No There, There: Elisabeth Shue inspects Kevin Bacon's bandage in 'Hollow Man.'

Inside Out

Kevin Bacon's 'Hollow Man' is all surface, no substance

By Richard von Busack

IN HIS NEW FILM, Hollow Man, Paul Verhoeven (Starship Troopers) takes H.G. Wells' The Invisible Man and adds nothing but viciousness and stupidity to it. Kevin Bacon plays Sebastian Caine. With that name, he doesn't need a cape, a top hat and a black mustache to twirl to tell you that he's going to turn bad. Caine's developed an invisibility serum with the most well buffed group of scientists since Doc Savage retired: Kim Dickens, Josh Brolin (a Harry Hamlin for the new millennium) and Elisabeth Shue, whose midriff is more expressive than her face.

In their secret underground military lab, the group turns animals invisible. Caine is the first human guinea pig, but they can't bring him back. Soon, the idea of invisibility goes to his head, turning him into a sexual predator. The movie endorses his prowling--the women here are all cock teasers who undress in front of the window or else provoke men with their navels. The second half of the film finds the cast trapped in an underground lab with Caine, who picks them off one by one. What starts as an invisible man movie becomes a standard dull bug hunt. Our villain, once strong, seems to be invulnerable--all the better to kill him off three different times, three different ways.

In the 70-minute-long 1933 film The Invisible Man, directed by James Whale, the story starts faster. When Claude Rains emerges from the snows, head bandaged and eyes covered in welder's goggles, he's already raging from the paranoia-inducing effects of the invisibility drug, "Monocaine." Rains' Dr. Jack Griffin is insane but playful, and it's his idea of what's playful that makes the horror. In one moment, his empty pants caper down the street as he sings "Nuts in May." In the next, he's cackling as he derails a passenger train for kicks. The only powerful moments in the new movie are the grisly scenes of half-materialized creatures who look as if they've been skinned--like animated Francis Bacon paintings (no relation to Kevin). We're talking about 15 minutes of the film, however.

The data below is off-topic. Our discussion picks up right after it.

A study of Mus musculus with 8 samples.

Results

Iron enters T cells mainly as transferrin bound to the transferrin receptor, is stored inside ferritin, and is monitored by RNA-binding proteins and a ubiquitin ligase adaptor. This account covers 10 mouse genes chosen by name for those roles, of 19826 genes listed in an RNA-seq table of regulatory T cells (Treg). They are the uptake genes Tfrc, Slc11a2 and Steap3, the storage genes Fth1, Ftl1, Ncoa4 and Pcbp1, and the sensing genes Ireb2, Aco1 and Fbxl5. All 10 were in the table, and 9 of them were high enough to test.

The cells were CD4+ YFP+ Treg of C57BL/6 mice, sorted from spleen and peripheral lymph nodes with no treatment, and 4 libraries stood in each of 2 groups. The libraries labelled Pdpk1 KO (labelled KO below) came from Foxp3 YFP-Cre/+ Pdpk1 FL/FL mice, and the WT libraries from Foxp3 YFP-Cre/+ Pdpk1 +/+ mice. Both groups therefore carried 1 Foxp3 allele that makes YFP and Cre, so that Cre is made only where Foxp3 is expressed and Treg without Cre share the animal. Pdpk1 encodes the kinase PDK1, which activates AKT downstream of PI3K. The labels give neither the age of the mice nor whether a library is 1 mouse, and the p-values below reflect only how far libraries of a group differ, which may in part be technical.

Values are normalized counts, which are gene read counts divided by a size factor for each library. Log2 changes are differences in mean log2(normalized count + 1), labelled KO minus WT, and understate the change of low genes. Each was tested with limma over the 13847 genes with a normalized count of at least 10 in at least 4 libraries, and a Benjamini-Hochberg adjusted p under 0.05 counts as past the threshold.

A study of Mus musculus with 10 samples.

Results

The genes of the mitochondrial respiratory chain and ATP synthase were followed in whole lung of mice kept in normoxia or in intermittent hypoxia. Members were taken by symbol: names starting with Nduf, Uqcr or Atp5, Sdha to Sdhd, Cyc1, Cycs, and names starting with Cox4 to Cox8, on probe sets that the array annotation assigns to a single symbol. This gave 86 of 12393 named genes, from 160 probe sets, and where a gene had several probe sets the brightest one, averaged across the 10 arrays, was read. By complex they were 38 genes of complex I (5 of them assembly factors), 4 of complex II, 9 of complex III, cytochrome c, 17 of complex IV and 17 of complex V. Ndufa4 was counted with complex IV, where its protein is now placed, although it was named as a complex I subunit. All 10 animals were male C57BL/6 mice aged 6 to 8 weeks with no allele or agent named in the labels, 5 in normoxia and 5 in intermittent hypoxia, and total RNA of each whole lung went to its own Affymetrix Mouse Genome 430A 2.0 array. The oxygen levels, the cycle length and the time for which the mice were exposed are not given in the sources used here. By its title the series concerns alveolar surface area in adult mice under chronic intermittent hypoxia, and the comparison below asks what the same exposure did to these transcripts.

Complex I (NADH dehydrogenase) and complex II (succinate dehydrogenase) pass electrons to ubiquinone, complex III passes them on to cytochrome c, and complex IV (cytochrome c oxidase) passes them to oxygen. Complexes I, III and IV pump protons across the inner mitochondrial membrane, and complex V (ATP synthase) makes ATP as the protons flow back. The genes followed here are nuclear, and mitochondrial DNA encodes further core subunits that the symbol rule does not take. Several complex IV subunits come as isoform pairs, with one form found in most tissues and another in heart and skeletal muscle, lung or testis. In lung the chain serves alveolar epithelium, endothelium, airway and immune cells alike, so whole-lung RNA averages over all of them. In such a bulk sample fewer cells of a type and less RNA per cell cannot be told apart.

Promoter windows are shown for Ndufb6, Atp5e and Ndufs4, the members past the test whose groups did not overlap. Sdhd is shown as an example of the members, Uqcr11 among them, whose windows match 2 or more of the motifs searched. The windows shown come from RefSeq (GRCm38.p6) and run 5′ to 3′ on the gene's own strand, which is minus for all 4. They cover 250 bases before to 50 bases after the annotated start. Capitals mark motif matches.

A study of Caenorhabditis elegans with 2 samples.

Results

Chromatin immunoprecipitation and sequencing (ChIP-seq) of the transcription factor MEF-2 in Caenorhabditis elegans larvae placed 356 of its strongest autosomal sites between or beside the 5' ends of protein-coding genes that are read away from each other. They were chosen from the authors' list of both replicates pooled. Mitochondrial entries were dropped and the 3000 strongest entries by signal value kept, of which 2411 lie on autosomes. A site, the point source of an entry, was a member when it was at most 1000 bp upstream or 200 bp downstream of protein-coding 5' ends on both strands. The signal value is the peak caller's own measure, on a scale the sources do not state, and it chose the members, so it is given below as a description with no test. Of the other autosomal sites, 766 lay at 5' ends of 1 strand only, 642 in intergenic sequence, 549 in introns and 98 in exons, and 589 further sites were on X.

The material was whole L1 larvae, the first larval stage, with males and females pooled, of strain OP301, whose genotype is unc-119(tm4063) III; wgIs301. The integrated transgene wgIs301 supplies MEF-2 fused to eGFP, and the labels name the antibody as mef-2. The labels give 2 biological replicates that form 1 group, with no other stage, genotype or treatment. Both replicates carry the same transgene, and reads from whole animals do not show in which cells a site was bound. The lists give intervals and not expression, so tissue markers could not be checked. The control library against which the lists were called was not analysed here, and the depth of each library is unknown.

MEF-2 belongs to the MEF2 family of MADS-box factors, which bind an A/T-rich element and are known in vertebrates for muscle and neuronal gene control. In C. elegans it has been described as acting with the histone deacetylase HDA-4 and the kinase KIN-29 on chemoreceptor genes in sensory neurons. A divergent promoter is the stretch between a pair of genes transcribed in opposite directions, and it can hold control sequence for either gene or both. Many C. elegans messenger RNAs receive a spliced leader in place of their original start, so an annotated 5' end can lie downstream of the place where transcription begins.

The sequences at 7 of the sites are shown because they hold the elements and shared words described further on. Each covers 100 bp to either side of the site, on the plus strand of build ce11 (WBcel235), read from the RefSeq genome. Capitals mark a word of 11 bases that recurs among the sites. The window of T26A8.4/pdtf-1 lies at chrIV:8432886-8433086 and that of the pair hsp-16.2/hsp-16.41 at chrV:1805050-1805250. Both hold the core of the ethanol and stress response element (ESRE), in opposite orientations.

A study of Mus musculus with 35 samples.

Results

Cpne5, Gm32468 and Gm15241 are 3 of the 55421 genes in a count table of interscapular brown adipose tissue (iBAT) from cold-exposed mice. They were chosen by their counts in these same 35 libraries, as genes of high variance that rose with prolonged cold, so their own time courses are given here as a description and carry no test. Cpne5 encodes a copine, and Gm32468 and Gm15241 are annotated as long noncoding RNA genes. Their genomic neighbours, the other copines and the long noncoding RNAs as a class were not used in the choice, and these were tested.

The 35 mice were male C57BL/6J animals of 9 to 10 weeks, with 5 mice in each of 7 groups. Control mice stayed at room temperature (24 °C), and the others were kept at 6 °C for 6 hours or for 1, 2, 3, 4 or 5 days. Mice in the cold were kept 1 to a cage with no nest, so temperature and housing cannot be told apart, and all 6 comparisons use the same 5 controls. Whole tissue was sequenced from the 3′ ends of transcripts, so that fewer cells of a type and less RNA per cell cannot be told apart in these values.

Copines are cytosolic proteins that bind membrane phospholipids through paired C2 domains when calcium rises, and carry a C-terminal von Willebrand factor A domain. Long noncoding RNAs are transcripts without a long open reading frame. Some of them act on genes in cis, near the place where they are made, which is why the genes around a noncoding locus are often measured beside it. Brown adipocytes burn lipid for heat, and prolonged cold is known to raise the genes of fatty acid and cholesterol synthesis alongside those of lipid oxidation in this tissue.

In the press notes about the year 2000 version, Verhoeven comments, "When Andrew [Marlowe] wrote the script, he included special effects that were not yet possible. ... He wrote it on the edge, and it has really pushed the envelope." I wish that envelope had "Return to Sender" on it. Except for the close-ups on Caine's hollow face mask and the gross anatomy, these are effects you've seen before. When the animators try to re-create a woman's breast (Dickens, asleep, is suckled by the invisible pervert) we see an excellent example of what computer graphics won't do yet. Nothing looks more synthetic than a computer-animated tit. Meanness and cheapness may not be enough to sink this movie, but the been-there effects may ensure that Hollow Man will be vanishing from the screens before too long.


Hollow Man (R; 114 min.), directed by Paul Verhoeven, written by Andrew W. Marlowe, photographed by Jost Vacano and starring Kevin Bacon and Elisabeth Shue, opens Friday at selected theaters.


Copyright © 2000 Metro Publishing Inc. Metroactive is affiliated with the Boulevards Network.